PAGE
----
Hello all,

I’m still new to all of this so forgive my newbieness but I’m creating a container with a standard volume of -v /var/www but I’m having a hard time trying to find exactly where the files are getting created on the host system. I know I can run docker inspect [container] which will show the full path of where the files are on the host OS but I still am confused on where exactly that is.

I’m looking for them on the Windows 10 machine I have running the Docker CE for Windows but am not finding anything. I’m guessing that the files are getting stored to the default Linux Virtual Machine that docker uses when I run containers but I have no idea how to access that VM. In HyperV I can try to connect to the MobyLinuxVM but it never connects.

So what am I missing that could help me understand where this directory is on which host? Thanks in advance.


(Eric Ongerth) #2

When you use just -v /var/www, you are telling docker you don’t really need the data volume to be accessible from the host. You’re telling it that the data volume is all internal to your container ecosystem and doesn’t matter from the host side – or that any access you need to that volume, from the host, will be accomplished through any of your running containers and not directly.

Your intuition is correct that you /could/ discover the volume’s home in docker-for-windows’ system but that path is not going to be a happy one, not straightforward.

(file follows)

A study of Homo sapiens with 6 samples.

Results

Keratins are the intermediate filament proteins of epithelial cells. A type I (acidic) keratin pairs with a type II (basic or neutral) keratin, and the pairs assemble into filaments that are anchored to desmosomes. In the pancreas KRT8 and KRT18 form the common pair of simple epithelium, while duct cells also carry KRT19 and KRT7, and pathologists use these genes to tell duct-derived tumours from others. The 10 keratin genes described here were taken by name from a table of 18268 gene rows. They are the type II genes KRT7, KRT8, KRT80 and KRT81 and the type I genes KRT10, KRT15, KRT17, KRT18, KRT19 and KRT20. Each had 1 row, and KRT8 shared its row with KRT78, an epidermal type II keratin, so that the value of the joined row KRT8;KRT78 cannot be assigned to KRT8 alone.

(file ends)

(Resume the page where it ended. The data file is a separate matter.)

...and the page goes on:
The easiest solution to this is to change your volume declaration to either use a name for the volume or bind it to a specific directory on the host (see Docker or docker-compose docs in the area describing how to declare volumes). I suspect if you want direct as possible access to the volume’s files from the host, you may want to use a bind mount.

But here’s a warning about a follow-up problem; you’ll find that if you bind mount, Docker for Windows currently (yes, even a year after your post) is stuck on a problem where the container’s root user permanently owns the contents of the data volume, and chown and chmod do not work on that area within the container’s file system, and this remains true even if you try to trick docker by creating the volume first under another user before you bind it to the host. People are stuck on this and bailing out back to docker on its native Linux. There is also a workaround at http://docker-sync.io.